Amid The Pandemic, Child Vaccine Access Decline By 50%

Amid The Pandemic, Child Vaccine Access Decline By 50%

A recent study has noted a severe decline in child vaccine coverage during the pandemic. The report, released on May 18, published in the Morbidity and Mortality Weekly, showed 50% decline in the provision of vaccines.

“It’s critical that we help parents understand that they need to get their children in,” says Dr. Sara “Sally” H. Goza, Fellow of the American Academy of Pediatrics, a pediatrician in Fayetteville. “Measles, whooping cough: It does not take a lot for those to come back. If we don’t have enough herd immunity, they will come back. We could even have polio. It’s still out there, you know” she added.


On March 13, 2020 US declared an emergency state. Stay-at-Home and Shelter-in-Place orders were issued. This was aimed at social-distancing as a safety precaution. “Such strategies might result in decreased accessibility to routine immunization services, leaving children at risk for vaccine-preventable diseases and their complications” said the Center for Disease Control and Prevention.


“There’s the mom of the infant who can only take public transportation, who also has her elderly dad at home,” Dr. Claire McCarthy, a pediatrician at Boston Children’s Hospital in Massachusetts said. “Some don’t even feel comfortable asking for or getting a ride from someone. What do you say in that situation? Everybody is just trying to keep everyone safe.” She added.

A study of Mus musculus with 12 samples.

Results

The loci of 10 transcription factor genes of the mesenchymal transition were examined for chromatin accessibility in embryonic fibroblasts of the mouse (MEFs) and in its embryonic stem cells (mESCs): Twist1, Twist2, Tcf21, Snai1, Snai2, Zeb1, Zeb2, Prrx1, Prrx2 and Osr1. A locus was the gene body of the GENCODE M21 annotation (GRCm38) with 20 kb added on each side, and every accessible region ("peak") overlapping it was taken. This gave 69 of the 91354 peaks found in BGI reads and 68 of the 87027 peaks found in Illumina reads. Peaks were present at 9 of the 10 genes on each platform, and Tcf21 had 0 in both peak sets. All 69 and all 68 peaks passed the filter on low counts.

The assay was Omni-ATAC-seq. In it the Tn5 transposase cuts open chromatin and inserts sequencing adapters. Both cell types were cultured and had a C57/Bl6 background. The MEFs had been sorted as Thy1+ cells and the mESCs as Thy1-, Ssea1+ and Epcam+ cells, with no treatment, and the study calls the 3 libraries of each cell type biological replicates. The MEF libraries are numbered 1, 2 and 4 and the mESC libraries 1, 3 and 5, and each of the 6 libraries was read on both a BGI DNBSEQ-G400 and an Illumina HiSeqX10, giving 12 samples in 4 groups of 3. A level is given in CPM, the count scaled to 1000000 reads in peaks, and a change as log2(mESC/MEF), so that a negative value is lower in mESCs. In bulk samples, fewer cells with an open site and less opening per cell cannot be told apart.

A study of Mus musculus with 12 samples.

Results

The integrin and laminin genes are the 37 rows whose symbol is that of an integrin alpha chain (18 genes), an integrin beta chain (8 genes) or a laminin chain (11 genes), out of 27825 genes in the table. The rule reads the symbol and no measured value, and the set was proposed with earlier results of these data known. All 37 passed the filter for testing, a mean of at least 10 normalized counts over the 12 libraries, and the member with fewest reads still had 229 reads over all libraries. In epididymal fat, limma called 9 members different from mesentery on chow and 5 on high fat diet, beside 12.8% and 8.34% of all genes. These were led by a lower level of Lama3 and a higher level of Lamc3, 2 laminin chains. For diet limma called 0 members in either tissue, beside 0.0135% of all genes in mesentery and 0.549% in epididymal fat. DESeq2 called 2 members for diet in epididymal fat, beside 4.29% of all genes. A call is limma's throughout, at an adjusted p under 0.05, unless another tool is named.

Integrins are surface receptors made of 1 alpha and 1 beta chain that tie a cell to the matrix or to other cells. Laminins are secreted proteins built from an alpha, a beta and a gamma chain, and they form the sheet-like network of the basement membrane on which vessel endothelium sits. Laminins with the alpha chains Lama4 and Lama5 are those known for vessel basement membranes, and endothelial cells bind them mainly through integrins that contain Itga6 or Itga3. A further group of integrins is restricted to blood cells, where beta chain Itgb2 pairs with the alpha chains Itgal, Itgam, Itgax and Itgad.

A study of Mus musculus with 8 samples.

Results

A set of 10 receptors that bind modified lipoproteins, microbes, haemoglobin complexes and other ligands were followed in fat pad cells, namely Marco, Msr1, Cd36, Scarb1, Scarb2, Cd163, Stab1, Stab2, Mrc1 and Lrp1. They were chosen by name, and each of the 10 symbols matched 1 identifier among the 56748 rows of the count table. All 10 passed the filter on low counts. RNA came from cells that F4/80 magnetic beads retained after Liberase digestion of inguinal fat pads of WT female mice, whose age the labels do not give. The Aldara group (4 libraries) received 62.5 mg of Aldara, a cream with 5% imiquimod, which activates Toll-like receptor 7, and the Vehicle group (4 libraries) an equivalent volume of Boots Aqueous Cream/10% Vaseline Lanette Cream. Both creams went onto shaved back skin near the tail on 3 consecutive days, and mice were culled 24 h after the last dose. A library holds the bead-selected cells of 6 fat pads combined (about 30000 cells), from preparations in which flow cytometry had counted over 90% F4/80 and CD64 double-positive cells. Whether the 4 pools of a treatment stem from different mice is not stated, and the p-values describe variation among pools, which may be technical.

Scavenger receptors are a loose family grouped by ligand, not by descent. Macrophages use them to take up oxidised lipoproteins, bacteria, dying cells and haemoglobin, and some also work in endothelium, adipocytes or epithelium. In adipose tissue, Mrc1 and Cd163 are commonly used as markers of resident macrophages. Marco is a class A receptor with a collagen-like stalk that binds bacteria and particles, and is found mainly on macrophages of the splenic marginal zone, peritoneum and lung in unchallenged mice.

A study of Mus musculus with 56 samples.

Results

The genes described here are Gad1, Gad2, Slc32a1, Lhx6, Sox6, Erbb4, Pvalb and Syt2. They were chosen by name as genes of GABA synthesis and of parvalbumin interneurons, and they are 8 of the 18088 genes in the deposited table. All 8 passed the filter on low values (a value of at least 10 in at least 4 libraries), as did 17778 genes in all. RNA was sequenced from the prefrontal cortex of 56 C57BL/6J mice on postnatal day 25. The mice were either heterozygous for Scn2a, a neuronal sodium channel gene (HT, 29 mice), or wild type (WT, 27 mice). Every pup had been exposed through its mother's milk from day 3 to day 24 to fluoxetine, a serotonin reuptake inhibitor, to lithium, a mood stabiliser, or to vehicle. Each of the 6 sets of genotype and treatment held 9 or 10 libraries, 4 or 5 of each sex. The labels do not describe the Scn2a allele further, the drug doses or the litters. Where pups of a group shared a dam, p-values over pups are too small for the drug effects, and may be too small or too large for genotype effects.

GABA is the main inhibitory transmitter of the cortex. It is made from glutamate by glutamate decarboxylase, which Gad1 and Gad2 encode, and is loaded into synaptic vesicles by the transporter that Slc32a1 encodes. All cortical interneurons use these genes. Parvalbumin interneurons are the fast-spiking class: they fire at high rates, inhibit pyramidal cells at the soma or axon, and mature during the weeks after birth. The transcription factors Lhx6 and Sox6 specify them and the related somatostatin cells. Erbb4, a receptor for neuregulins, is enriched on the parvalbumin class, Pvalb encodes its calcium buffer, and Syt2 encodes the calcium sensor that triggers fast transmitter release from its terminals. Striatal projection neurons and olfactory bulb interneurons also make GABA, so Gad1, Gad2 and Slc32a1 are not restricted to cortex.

That’s the situation. Because of all this, more than half of the children in United States are missing the scheduled vaccination. The parents are afraid of taking their children to doctors and this is alarming. The health experts are saying that this the situation might be threatening. The children are to be vaccinated at the age of 1, 3, 5, 7, 16, 19, and 24 months.

Many vaccinations don’t work with just one dose,” said Dr. Claire McCarthy. If the children are given one dose still there are chances of getting the diseases.

To manage this, the Boston Medical Centre has made an effort, Bringing the vaccines to the children.

The hospital borrowed two ambulances from Brewster Ambulances and is using them as vaccination hospital. Hospital goes to children and they are vaccinated. But this facility is very limited.

Experts are saying that the problem depends on the number of doses a kid missed and can they get on the doctors’ calendar before they go back to the schools.